A new program at the Alberta Legislature has made the Page Program more inclusive.
The Associate Page Program was launched at the end of October and the first Page with a disability was hired.
St. Albert MLA Marie Renaud spend the last year-and-a-half working with the Speaker’s Office to help make the Page Program more inclusive.
Pages are high school students who work with the Legislative Assembly to deliver messages, distribute documents and work supporting ceremonies and special events. The new Page was hired as an Associate Page and has support staff to help learn the role.
“I think it creates a picture for people and it brings attention to the fact that people with disabilities … have so much to offer. They are a person first and it’s not about the disability. This is just a way of promoting that and for people to see that there is a lot of value in hiring a person with a disability,” Renaud said.
All of the Pages work part time, around three shifts per week, including the new Associate Page.
So far Renaud said that she has heard good feedback from the other Pages and said she believes the new Page is fitting in well.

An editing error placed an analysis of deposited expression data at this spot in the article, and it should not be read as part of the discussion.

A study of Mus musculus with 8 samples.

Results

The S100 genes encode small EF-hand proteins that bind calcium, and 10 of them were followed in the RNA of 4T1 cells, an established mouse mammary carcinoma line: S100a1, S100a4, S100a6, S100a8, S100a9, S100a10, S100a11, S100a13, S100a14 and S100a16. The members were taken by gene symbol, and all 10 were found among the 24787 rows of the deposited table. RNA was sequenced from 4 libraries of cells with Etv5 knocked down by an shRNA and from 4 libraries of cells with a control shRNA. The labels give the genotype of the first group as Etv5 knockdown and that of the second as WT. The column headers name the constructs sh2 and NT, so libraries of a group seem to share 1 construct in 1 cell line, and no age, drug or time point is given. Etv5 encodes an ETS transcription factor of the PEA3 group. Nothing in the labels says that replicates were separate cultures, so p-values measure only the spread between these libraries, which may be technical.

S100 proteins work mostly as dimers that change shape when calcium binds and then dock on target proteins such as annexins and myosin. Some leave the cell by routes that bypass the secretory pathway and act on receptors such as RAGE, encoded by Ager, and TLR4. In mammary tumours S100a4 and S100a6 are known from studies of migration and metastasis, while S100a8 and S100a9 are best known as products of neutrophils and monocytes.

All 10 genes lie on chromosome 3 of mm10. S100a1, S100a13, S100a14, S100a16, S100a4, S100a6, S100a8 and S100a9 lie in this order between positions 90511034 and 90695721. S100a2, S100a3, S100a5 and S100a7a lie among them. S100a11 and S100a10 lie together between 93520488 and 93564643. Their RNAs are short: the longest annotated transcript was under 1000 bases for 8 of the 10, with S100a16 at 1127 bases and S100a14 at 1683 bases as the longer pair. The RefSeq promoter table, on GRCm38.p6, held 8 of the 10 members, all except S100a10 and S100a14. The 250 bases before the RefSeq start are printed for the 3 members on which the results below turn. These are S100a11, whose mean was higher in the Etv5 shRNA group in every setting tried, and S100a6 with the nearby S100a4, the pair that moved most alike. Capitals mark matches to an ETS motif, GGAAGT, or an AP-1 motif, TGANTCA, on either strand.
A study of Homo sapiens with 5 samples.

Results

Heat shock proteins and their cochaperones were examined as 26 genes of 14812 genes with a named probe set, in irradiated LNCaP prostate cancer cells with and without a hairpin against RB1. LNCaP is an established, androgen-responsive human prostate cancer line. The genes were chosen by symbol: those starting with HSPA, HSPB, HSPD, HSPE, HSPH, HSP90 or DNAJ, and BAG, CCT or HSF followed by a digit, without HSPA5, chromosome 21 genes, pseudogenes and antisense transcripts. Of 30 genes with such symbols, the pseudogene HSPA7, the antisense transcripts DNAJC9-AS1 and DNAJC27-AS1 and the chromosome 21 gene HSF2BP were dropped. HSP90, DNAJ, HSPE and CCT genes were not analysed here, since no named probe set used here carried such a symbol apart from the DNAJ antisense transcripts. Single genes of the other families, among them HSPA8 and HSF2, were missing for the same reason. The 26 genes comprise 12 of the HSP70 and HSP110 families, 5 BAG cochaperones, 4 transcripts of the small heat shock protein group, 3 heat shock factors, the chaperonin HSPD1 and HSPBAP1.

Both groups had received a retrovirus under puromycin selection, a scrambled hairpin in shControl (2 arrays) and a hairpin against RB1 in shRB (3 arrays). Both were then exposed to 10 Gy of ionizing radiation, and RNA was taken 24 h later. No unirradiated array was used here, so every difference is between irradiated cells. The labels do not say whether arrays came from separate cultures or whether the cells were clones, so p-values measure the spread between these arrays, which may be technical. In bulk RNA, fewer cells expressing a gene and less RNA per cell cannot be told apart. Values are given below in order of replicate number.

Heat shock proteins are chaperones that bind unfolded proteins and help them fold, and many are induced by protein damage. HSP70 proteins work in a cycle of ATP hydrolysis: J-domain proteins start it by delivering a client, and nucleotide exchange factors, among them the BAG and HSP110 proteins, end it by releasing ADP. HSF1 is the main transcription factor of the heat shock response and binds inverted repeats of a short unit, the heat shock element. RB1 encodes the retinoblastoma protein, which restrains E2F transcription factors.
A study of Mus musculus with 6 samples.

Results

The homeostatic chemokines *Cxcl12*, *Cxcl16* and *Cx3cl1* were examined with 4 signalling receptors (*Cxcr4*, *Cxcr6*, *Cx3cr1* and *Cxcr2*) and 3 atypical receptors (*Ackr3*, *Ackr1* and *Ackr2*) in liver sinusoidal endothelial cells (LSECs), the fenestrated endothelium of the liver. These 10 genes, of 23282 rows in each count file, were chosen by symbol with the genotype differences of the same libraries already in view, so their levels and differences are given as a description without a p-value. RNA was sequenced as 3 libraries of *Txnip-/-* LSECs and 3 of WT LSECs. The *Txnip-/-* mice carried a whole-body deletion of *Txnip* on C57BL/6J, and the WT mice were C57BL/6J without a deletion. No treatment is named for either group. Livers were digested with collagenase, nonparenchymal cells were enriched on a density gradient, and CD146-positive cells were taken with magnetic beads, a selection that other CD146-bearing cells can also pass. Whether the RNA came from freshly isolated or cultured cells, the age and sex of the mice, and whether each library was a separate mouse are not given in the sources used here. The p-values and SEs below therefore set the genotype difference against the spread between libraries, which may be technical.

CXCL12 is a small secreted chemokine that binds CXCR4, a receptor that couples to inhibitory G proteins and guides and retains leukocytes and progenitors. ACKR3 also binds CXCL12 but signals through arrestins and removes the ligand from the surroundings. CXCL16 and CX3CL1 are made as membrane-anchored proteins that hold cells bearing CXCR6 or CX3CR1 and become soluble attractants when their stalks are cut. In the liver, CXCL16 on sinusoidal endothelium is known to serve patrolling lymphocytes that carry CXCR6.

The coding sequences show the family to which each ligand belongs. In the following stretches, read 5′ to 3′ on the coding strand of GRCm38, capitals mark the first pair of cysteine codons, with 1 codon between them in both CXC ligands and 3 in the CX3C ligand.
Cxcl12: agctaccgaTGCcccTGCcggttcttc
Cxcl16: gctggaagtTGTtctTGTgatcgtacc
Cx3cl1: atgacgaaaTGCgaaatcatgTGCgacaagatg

Inclusion Alberta, an advocacy program that helps support children and adults with disabilities, was brought in to help create the program. The organization came in to do a job study to assess the tasks the Pages perform to help recruit a Page that would be the right fit for the job.
Renaud said that opportunities like this for people with disabilities do not come up often or enough.
“The sad reality for people with disabilities in Alberta is that 80 per cent of those who want to work or who can work are unemployed,” Renaud said.
Renaud said that the program rolled out quietly this session because they did not want to bring any extra unwanted attention to the new Page.
“We didn’t want to single that person out. It can be pretty intimidating to be singled out that way,” Renaud said.
The MLA said that she hopes to see the program continue.
“If it were up to me, and in a perfect world, it wouldn’t be an Associate Page Program, it would just be the Page Program that was inclusive of all kinds of things, disability being one of them,” Renaud said.
Renaud believes this is the second inclusive Page Program in Canada and hopes that other legislatures will notice and introduce a Page Program of their own.
The St. Albert MLA has a history of advocating for people with disabilities. Before the was an MLA she was the executive director of the LoSeCa Foundation, which is a non profit association that provides support for people with disabilities. She is currently serving as the deputy chair and member of the Premier’s Council on the Status of Persons with Disabilities.